Wine 101

Choosing a good bottle of wine from the thousands available can be difficult without doing any prior research. However, a good rule of thumb is to choose a wine which states a specific vineyard or town rather than a region. This is because many poor wineries will try to benefit from the name of the region where they’re located, even if their vineyards are in undesirable parts of that region.

Including information such as the dates the grapes were harvested and the wine was bottled, whether the grapes were grown and fermented at the same place (called estate-bottling), and the phone number of the winery are all positive signs. Details such as these add to a wines authenticity and indicate that the wine producer cares about and has faith in their product.

Personal experimentation is necessary for you to choose the right wines for you. You should first taste a wine or two from the different types of wine available (Shiraz, Zinfandel, Pinot Noir, etc.), and figure out which in general you like. Having decided on the general type of wine you prefer, you’ll need to look into which wines within that specific type are most agreeable to you.

You should store your bottles of wine by placing them on their side somewhere relatively cool and free from direct light. Keeping them at a temperature of between 50 to 60 degrees is ideal; though a range of 45 to 65 degrees is considered acceptable. The worst thing you can do to your wine is subject it to varying temperatures. The temperature should never fluctuate more than 5 degrees a day, especially with red wines, which suffer more temperature-related problems than white wines.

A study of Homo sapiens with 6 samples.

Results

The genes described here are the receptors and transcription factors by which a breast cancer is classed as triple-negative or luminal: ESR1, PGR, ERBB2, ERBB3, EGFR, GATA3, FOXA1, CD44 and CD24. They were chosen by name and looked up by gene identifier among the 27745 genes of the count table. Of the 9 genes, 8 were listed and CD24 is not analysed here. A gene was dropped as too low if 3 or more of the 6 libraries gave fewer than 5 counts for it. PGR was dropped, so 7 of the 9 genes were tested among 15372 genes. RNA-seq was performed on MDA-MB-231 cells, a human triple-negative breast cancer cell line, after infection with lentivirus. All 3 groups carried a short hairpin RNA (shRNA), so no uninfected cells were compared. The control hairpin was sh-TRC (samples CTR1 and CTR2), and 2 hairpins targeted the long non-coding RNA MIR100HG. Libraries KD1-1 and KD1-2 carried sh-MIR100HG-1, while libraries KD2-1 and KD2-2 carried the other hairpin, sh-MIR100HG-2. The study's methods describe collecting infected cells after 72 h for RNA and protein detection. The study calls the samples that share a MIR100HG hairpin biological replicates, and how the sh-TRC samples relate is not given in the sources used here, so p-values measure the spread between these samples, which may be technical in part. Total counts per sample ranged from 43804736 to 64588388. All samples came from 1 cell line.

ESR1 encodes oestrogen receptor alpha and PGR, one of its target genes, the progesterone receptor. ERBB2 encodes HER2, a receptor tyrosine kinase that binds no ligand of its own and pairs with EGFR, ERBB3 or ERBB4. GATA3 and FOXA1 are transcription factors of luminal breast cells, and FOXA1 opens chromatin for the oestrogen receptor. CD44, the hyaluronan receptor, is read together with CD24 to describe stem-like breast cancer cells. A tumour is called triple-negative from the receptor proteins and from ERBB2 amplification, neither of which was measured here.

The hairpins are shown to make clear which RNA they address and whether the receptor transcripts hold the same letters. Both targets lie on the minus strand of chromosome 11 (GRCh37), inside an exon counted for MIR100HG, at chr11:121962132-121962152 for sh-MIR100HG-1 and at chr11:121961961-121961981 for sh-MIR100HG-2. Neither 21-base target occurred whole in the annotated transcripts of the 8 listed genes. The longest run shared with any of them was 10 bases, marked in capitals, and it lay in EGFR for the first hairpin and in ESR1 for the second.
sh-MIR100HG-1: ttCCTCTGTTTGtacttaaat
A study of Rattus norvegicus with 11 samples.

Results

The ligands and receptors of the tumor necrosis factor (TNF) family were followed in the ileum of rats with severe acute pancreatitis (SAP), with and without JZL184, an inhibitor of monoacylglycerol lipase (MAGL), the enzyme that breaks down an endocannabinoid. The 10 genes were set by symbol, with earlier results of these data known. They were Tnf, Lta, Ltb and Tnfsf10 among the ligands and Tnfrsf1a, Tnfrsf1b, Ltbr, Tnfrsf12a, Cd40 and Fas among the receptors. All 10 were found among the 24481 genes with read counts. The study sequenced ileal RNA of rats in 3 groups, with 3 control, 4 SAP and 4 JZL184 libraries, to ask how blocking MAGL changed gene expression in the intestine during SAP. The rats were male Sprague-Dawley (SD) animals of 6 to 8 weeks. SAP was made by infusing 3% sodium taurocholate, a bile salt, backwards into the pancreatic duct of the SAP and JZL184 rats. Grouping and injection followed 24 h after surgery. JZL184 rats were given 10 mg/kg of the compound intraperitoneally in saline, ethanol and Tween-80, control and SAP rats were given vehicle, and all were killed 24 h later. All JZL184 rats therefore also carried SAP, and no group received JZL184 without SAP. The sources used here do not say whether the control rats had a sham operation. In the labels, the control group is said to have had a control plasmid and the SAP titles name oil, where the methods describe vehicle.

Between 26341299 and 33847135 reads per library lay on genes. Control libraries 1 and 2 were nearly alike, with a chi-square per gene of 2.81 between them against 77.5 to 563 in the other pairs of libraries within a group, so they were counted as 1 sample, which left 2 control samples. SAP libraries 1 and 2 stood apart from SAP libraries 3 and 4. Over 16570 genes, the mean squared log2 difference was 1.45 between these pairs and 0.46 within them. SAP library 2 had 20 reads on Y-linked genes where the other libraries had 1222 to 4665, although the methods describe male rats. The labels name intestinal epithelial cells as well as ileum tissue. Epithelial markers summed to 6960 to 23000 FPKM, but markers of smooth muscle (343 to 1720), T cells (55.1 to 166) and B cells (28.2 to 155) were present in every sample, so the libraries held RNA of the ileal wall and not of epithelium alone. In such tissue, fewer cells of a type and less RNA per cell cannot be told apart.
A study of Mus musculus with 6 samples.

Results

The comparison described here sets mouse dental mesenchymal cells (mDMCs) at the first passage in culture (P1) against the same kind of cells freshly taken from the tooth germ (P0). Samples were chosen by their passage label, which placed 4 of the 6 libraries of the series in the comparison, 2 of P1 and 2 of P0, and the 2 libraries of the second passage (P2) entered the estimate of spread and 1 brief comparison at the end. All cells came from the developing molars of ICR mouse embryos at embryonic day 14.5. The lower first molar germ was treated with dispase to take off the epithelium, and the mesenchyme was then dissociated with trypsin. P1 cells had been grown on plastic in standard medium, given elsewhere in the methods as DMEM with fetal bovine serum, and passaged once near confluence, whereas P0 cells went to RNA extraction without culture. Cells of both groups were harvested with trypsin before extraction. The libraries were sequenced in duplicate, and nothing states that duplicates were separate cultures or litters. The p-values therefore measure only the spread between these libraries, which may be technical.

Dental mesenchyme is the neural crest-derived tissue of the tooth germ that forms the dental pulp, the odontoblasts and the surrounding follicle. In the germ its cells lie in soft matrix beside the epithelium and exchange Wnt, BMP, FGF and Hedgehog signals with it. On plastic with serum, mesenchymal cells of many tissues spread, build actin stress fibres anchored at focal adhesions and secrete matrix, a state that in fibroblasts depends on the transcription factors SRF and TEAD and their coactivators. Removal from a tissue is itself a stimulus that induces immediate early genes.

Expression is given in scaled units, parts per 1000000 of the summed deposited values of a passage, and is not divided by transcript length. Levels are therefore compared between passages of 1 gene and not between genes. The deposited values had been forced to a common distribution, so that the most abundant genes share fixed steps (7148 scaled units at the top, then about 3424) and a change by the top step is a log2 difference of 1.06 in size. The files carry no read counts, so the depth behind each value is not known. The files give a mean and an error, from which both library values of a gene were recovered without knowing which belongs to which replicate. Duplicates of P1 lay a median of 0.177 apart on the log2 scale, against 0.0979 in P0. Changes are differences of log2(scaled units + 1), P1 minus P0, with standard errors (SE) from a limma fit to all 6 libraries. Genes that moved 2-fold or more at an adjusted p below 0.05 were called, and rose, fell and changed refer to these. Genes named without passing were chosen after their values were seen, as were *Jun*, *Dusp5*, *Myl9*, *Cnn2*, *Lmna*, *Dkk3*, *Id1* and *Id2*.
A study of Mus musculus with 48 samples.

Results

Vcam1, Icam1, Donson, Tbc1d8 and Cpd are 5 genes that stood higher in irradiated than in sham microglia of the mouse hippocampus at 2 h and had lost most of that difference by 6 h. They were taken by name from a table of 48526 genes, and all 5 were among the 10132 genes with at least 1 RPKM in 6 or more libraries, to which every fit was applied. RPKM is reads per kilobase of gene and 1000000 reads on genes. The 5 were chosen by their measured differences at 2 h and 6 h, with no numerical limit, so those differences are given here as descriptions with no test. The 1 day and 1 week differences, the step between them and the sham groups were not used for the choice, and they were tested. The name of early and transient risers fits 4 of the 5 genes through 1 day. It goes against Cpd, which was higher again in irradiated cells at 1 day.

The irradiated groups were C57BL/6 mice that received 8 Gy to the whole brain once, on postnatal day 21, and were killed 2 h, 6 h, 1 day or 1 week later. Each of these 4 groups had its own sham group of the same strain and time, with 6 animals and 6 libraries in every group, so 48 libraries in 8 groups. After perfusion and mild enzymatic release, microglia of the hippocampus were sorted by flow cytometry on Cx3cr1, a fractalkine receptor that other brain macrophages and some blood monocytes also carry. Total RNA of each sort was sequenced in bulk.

As for how long to store wine for, many factors contribute to the answer, not limited to the production technique, style of wine, and region where it was produced. In general though, you should drink whites relatively soon after buying them and age reds for five to 10 years. If you’re starting out, consult a free online aging chart to to assist you with this aspect of wine storage.

Standard white wines should be served at a temperature between 7 degrees and 10 degrees, whereas sweet white wines, inexpensive white wines and cheaper sparkling wines are best a bit colder, between 3 degrees to 7 degrees. You’ll probably have to place your wine in the fridge for an hour or so before drinking it to achieve this temperature.

The optimal serving temperature for red wines is between 13 degrees to 18 degrees, considerably cooler than room temperature in most modern houses. Therefore, many reds, unless stored somewhere cool, will benefit from being placed in a fridge for around 30 minutes prior to drinking them.

When you taste wine, it’s important to realize that little of the flavor that can be sensed actually involves the tongue. It’s your nose that does the tasting, even when wine is in your mouth. Breathe in and out through your nose whilst the wine is in your mouth; paying attention to the way the wine changes as you hold it there. Remember that a wines aromas can take on many different forms, and very rarely will it simply smell of grapes.

The taste of a wine can improve or worsen depending on the food that you drink it with. Although there are only a few combinations which really don’t work, learning the basics about pairing them will bring out the best in both. You can take one of two approaches: pair a wine with a contrasting food taste, or use a complementary combination, in which the food and wines share similar characteristics. Either works equally well, but which to apply varies on the type of food being served.

Pair beef with heavier red wines like Zinfandel, Bordeaux, or Cabernet Sauvignon; most of these wines go well with lamb as well, but this meat is complimented by white wines like Pinot Gris too. For poultry, look for whites or light reds when there is a heavy sauce – Pinot Noir and Beaujolais work well. Fish should always be served with whites, and Sauvignon Blanc makes a good choice.